Equal Under the Law
Canadian women fight for equality as the country creates a charter of rights
In 1973, an Alberta divorce case outraged women across the country because it revealed their unequal status in eyes of Canadian law. In the years to come, women would fight to guarantee their rights at the highest level in the country.
In 1981, Prime Minister Pierre Trudeau drafted a new charter of rights to protect Canadians from unfair government action. The Charter would be entrenched in Canada's Constitution.
In 1981, Prime Minister Pierre Trudeau drafted a new charter of rights to protect Canadians from unfair government action. The Charter would be entrenched in Canada's Constitution.

The Alberta case involved a farm wife named Irene Murdoch who claimed half the family cattle ranch in her divorce. For 25 years, alongside her husband, she'd worked their 480 acres in Turner Valley.

"I would do the haying, stacking, sweeping, running to town for repairs and gas and oil," Irene Murdoch said. "I just thought when you went into a marriage, it was a partnership basis, 50/50."

The Supreme Court of Canada ruled that it was her husbands farm. For a lifetime of work, Irene Murdoch was given just two hundred dollars a month. A later ruling gave her a lump settlement of $65,000 but ceased the monthly payments.

Throughout the 1970s, women became more conscious of the their lack of rights in Canadian society. Case after case seemed to testify to the inadequate legal guarantees against gender discrimination.

The same year as the Murdoch case was heard, the Supreme Court of Canada ruled that a section of the Indian Act was valid even though it denied native status to Indian women who married non-natives. (An Indian male did not lose his status by marrying a non-Indian.)

In 1980, women saw their biggest chance to change their legal standing. Prime Minister Pierre Trudeau unveiled his plan for a new charter of rights, to protect Canadians from unfair government action. The new charter would be entrenched in Canada's constitution and would stipulate that any law that is inconsistent with the charter is invalid.

The drafting of a Charter of Rights and Freedoms became a crucial focal point for women. Doris Anderson, former editor of Chatelaine magazine, was the head of the Canadian Advisory Council on the Status of Women. She realized that the charter presented a crucial opportunity to advance womens rights and to guarantee full equality.

"It was clear a charter would profoundly affect women," Anderson said. "Its wording had to be strong, or we would be saddled with a bad and useless document for generations to come."

To prepare the legal case for a strong acknowledgment of womens rights in the charter, Anderson hired a lawyer name Mary Eberts, who had grown up in St. Thomas, Ontario, and studied constitutional law at Harvard.

Eberts had fought for women rights throughout her career and was ready for a battle.

"A famous revolution was once fought because of taxation without representation," Eberts argued. "If governments do not see our place and our voice in their assemblies, it is up to women to bring the point home. . . . We have a special historical relationship to the constitution, as we had to fight so hard for so long to be included in even its minimal provisions. Let us not stop now."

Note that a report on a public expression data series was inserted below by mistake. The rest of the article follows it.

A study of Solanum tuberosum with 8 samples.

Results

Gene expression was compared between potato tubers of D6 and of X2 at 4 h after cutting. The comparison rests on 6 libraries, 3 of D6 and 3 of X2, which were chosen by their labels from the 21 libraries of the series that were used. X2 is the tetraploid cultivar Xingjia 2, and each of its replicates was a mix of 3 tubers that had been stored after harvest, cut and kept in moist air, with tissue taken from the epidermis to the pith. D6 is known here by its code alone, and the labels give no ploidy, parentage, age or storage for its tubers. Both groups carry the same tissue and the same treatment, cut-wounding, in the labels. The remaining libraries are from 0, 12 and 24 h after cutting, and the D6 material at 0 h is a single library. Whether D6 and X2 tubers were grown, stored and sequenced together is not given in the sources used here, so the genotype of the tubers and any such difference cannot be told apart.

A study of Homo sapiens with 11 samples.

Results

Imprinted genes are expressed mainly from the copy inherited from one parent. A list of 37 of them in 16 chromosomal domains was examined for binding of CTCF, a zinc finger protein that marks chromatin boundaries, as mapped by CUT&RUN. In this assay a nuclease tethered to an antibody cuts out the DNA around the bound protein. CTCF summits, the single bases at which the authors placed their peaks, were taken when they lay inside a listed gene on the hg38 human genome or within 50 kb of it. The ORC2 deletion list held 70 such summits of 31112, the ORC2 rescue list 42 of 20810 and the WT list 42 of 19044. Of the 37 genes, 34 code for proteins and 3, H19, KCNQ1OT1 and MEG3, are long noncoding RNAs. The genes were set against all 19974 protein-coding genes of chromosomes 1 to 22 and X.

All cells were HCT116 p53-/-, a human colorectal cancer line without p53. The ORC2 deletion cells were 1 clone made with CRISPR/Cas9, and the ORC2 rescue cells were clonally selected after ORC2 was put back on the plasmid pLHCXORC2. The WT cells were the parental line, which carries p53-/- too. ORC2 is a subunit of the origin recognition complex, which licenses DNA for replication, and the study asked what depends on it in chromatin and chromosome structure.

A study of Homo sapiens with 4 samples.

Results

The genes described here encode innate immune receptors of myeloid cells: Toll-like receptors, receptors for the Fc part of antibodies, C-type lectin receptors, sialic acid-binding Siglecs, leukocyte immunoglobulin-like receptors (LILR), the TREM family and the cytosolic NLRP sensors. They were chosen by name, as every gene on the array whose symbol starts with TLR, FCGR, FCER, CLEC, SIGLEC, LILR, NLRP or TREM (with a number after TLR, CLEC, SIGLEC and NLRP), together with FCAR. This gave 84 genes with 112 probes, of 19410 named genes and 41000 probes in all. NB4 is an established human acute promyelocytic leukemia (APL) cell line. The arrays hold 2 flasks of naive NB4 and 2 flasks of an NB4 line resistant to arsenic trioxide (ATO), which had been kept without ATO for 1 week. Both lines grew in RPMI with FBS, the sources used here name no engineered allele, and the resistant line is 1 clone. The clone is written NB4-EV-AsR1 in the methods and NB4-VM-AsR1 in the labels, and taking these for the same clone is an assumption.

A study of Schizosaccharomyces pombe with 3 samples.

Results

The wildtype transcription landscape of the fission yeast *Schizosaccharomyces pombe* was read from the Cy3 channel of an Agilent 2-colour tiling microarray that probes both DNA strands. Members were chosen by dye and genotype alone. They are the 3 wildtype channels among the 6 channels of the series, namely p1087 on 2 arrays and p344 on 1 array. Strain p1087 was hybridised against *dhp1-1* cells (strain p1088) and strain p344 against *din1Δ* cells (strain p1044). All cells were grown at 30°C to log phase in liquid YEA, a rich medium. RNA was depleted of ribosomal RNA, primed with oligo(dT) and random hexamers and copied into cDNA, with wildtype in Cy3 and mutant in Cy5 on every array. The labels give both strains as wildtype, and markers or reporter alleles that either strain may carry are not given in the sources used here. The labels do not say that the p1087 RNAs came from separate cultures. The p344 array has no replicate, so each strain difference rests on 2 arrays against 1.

But the federal government cancelled a conference on the issue of womens rights in the new constitution with the assurance that "they would look after things."

Women's response was immediate and overwhelming. Anderson resigned her post as head of the Advisory Council on the Status of Women. And a handful of influential Canadian women organized their own conference in Ottawa, calling everyone they knew to attend.

More than a thousand determined women attended the impromptu conference demanding equality be written into the charter and forcing the government to pay attention.

"The next time a cabinet minister or the government tells women to go home and shut up, theyll think twice bout it," said Anderson.

For Eberts it was a monumental event in for Canadian women.

"The ad hoc committee was possibly one of the most important things to happen for the equality of Canadian women in the last fifteen or twenty years," Mary Eberts said. "It confirmed that the Constitution was a peoples instrument."

Eberts presented briefs to a Special House-Senate Joint Committee, arguing that the Charter had to include an endorsement of sexual equality, womens right to control reproduction, and other guarantees of womens rights

As a result, an "equality clause" was added. Section 28 read, "Notwithstanding anything in this Charter, the rights and freedoms referred to in it are guaranteed equally to male and female persons."

But the section would be subject to an override, making it legally toothless. This sparked a national campaign on behalf of women to have the override removed. Support from across the country flowed in a show of solidarity that received a lot of media attention. Ultimately, the override was abandoned.

Canadian women were victorious. Equal rights were enshrined in the Charter of Rights and Freedoms, which came into force April 17, 1982. And the charter soon became an instrument for change:

In 1985, native women whod been denied equal rights under the Indian Act won full status under the charter.